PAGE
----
In the last few weeks the chatter about the role of MOOCS as a revolutionary tool in education has greatly accelerated.
Maybe it's the Starbucks agreement with ASU. Maybe it's the UK report about MOOCS in K-12 schools, as Forbes magazine recently discussed. Or maybe it's that we have reached the tipping point and this strange thing we call MOOCS has penetrated public consciousness.
But what is a MOOC? Oh, we know it stands for massive open online courses, and that faculty and some administrators are very suspicious, if not outright hostile, about their legitimacy.
But more to the point, MOOCS are forcing us to think about online education, which is already here and here to stay. Call them MOOCS, called them distant learning initiatives, call them blended learning courses... the revolution has begun.
As you may remember, there are over 500 such MOOC initiatives in the world founded by academics at some of the most well know universities, i.e., Stanford, Harvard or MIT.
Perhaps simply because the cost of getting a college degree is no longer affordable to most young people, or in Europe where governments fund college experiences, costs too are becoming more troublesome. And some of the best minds in academe are saying something has got to change.
For now, at least, most MOOCS are free, and they are growing in size and importance despite the opposition of many institutions of higher learning. But to those young people who cannot afford either the tuition or the time or both to enroll in a university program, the MOOCS are catching on. And, as a result, the MOOCS are getting money and attracting talent too.
Most people have heard of Coursesa, co-founded by two academics at Stanford University, which stared early on with $22 million in funding from Kleiner Perkins Caufield and Byers and New Enterprise Associates. They received another $45 million last year; and former Yale University President Richard C. Levin recently became the chief executive officer of the two-year-old company.
We may not be as familiar with, Schoo a Japanese MOOC with $1.5 million, Futurelearn from England, or iversity, a Berlin-based MOOC that conducted a contest giving 25,000 Euros (about $38,000) to the top 10 ideas for creating an online course. But forget about the "go-it-alone" MOOCS. Whether they make it or not is up in the air although it looks promising nonetheless.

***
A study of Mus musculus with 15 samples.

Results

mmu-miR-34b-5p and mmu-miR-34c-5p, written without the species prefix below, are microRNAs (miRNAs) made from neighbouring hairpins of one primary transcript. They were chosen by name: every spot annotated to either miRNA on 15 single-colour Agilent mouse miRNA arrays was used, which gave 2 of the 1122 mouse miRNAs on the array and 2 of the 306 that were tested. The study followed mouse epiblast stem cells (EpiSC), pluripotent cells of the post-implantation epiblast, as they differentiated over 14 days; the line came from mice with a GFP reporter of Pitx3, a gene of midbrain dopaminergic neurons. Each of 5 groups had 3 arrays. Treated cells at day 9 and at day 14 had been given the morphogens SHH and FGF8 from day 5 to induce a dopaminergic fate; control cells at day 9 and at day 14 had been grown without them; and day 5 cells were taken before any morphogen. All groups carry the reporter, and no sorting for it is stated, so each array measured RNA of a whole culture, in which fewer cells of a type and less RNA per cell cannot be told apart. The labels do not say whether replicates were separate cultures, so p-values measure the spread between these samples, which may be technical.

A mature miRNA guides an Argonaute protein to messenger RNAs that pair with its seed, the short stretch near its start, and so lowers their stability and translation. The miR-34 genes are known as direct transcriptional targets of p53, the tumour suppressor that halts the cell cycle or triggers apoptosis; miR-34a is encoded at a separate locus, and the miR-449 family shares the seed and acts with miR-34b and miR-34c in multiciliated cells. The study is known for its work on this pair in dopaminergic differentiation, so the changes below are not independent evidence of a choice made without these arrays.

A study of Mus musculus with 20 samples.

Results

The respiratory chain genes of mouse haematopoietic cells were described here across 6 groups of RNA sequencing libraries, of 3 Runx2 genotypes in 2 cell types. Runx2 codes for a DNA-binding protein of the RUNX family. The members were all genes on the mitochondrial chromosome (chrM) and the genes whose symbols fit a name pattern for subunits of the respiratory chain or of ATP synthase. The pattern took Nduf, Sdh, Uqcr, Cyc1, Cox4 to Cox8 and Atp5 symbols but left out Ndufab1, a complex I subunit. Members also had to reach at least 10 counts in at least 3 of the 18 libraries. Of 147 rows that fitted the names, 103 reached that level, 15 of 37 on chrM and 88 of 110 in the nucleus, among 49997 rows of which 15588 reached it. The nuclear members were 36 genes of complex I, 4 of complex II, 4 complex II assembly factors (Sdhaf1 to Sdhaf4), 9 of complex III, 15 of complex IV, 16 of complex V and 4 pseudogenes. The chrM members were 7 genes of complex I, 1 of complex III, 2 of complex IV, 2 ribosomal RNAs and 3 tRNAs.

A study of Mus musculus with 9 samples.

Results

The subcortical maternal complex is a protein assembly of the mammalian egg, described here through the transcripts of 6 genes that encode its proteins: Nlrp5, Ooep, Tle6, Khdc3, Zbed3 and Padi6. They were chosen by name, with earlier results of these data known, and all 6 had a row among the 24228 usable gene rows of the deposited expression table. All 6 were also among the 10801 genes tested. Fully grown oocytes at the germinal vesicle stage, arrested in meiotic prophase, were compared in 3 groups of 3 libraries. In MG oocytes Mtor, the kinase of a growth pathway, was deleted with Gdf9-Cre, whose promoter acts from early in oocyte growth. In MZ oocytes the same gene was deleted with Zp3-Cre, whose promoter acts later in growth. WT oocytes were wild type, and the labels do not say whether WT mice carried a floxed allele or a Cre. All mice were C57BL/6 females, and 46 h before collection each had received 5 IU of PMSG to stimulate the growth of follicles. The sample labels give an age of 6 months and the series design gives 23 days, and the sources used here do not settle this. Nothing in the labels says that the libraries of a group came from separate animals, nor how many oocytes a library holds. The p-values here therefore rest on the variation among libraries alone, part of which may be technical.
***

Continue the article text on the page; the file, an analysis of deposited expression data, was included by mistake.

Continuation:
Many universities are either developing their own MOOCS or quietly adopting some form of blended learning using online techniques.
In a recent announcement between Starbucks and ASU, a program was developed for "any of the company's 135,000 United States employees, provided they work at least 20 hours a week and have the grades and test scores to gain admission to Arizona State." The company said it will pay full tuition.
Arizona State already has one of the largest online degree programs in the United States. With 11,000 students and 40 undergraduate majors, it is highly regarded. To serve Starbucks and their existing online students it was no surprise that ASU is creating its own MOOC.
And they aren't alone. The University of Illinois, the University of Wisconsin-Madison, and Ohio State to mention just a few, are exploring the MOOC approach and some thinking of partnering with Coursesa to strengthen their existing offerings and/or develop courseware for the global market.
And as Business Insider reported last year:
Wharton announced that it would be the first business school to offer much of the substantive core of its MBA program online for free. In addition to the five electives already offered through the Coursera platform, Wharton is offering what it's calling the "Foundation" series, made up of introductory courses in financial accounting, operations management, marketing, and corporate finance, taught by some of its best-known and most senior professors.
As the Economist magazine reported last week, "A revolution has begun thanks to three forces: rising costs, changing demand and disruptive technology. The result will be the reinvention of the university."